Developing economies can seize economic opportunities from wind power in the current crisis
Global Wind Energy Council (GWEC) highlights to COP27 policymakers the shared barriers holding back renewable energy in developing economies: clear policy, transmission and permitting.
17 November 2022, Sharm el-Sheikh | The Global Wind Energy Council (GWEC) has today released a Summary for Policymakers at COP27 on the socioeconomic and environmental opportunities attached to wind energy in developing economies. The summary note, “Capturing Economic Opportunities from Wind Power in Developing Economies,” reflects the preliminary findings from an ongoing study of wind energy potential in five key countries for the global energy transition: Colombia, Argentina, Morocco, Egypt and Indonesia.
While the world is confronting an energy crisis, the COP27 summit is nearing the crucial final stages of determining political consensus among Parties which can keep a 1.5°C pathway alive. Current events and energy market volatility are a reminder of the vulnerabilities of the global energy system, which can serve to fast-track structural change towards the clean energy transition.
This summary note, authored by BVG Associates, highlights the energy security, economic and environmental benefits of wind energy, potential barriers to deployment and recommendations on how developing economies can overcome these barriers. Based on industry experience to date, it finds that a country which installs 1 GW of onshore wind energy per year from 2022-2027 could unlock:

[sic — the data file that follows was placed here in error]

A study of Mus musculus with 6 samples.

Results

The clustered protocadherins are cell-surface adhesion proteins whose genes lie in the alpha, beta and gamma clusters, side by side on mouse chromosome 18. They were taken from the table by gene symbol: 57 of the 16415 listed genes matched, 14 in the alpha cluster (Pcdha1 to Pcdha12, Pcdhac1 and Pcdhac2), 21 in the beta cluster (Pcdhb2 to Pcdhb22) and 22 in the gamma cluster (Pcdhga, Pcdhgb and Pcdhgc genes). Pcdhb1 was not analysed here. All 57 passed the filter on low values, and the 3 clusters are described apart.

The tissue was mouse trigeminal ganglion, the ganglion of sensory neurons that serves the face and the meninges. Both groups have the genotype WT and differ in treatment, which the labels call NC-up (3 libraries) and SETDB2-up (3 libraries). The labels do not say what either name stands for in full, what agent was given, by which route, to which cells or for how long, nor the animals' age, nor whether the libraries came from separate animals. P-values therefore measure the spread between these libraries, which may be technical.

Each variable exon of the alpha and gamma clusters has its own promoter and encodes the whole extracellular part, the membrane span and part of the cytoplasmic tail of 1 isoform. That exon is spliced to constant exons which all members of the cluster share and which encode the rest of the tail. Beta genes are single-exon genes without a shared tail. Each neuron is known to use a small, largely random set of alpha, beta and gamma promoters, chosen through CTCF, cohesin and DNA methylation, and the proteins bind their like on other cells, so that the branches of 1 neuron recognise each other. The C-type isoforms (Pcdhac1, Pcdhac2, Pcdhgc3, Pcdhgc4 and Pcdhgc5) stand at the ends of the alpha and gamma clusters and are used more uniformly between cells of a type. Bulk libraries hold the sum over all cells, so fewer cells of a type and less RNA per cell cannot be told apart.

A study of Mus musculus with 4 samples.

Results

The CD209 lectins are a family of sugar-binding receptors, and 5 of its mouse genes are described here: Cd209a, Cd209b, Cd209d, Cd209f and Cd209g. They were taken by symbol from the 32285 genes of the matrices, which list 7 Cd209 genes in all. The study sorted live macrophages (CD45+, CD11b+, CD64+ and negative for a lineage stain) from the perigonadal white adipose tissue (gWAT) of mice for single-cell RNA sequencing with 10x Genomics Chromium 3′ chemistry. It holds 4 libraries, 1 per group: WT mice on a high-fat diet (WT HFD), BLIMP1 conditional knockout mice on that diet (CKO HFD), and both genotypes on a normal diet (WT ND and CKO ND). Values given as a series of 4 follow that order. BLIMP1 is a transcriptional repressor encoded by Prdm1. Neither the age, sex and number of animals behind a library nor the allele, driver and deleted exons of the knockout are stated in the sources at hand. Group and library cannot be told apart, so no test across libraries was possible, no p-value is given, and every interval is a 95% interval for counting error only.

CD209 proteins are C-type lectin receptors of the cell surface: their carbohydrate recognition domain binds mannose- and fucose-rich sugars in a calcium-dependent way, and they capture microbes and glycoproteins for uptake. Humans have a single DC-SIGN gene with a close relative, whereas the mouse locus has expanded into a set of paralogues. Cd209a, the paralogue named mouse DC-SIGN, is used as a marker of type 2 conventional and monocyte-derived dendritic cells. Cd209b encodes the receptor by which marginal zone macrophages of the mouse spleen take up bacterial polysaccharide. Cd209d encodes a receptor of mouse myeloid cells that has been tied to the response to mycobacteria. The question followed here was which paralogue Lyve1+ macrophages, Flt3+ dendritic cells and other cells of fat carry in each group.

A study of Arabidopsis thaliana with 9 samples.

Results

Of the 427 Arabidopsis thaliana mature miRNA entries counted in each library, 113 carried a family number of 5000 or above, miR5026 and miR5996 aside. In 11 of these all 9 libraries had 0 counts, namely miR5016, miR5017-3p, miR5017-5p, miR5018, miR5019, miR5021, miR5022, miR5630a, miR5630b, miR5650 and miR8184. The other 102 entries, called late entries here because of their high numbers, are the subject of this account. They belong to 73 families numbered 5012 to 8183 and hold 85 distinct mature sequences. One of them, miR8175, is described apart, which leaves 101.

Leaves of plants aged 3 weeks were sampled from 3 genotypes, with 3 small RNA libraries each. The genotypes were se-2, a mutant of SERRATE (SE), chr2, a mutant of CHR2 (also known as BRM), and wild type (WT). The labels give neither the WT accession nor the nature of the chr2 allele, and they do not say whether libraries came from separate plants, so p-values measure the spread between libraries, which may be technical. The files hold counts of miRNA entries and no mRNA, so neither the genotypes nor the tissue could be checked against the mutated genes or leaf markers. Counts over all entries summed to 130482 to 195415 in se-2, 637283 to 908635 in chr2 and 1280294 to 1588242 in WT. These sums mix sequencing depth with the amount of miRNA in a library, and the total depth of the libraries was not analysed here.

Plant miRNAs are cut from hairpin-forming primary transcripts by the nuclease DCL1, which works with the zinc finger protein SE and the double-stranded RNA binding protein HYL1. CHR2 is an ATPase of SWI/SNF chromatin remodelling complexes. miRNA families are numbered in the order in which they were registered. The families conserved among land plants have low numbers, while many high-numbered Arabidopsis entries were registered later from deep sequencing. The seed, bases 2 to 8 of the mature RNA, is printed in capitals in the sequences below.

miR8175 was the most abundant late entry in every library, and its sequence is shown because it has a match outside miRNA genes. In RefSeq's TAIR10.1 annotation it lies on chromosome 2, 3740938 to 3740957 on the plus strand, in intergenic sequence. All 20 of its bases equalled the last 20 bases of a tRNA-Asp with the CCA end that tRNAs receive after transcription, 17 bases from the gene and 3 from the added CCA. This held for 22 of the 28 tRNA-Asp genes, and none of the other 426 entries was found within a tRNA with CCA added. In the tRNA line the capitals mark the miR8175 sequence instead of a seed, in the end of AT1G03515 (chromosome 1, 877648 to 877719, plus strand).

- US$19.3 billion in gross value added to national economies over the 25-year lifetime of wind farms;
- 114,000 jobs during the development, construction and installation phase of wind farms;
- 12,000 further jobs annually during the 25-year operations and maintenance phase of wind farms;
- 5.9 million homes powered with clean electricity from 2027;
- 290 million metric tonnes of CO2e saved over the lifetime of wind farms; and
- 34.6 million litres of water saved annually from 2027, which would otherwise be used for thermal generation.
The five countries selected for this study are home to significant and untapped wind energy resource, and face socio-political and economic challenges which threaten to slow down their clean energy transition, including the risk of gas and coal expansion amid the current energy crisis. Each country was found to have significant wind capacity and socioeconomic upsides in an accelerated transition scenario, which would support meeting their 2030 energy targets and Nationally Determined Contributions (NDCs) under the Paris Agreement.
These countries are also notable in coming forward with new decarbonisation ambitions during COP27 and the G20 Summit, which could form a basis for accelerated renewable energy deployment. These include a $20 billion Just Energy Transition Partnership for Indonesia, a commitment for Egypt to enhance its NDC and quadruple renewables capacity by 2030, and a call from the Colombian president to cease funding and use of fossil fuels.
Across developing economies, the summary note finds that common barriers to wind energy deployment include: a lack of clear policy commitment, such as concrete and ambitious wind energy targets and timelines; insufficient transmission system infrastructure and investment; and overly complex permitting frameworks to gain approvals for renewable energy projects.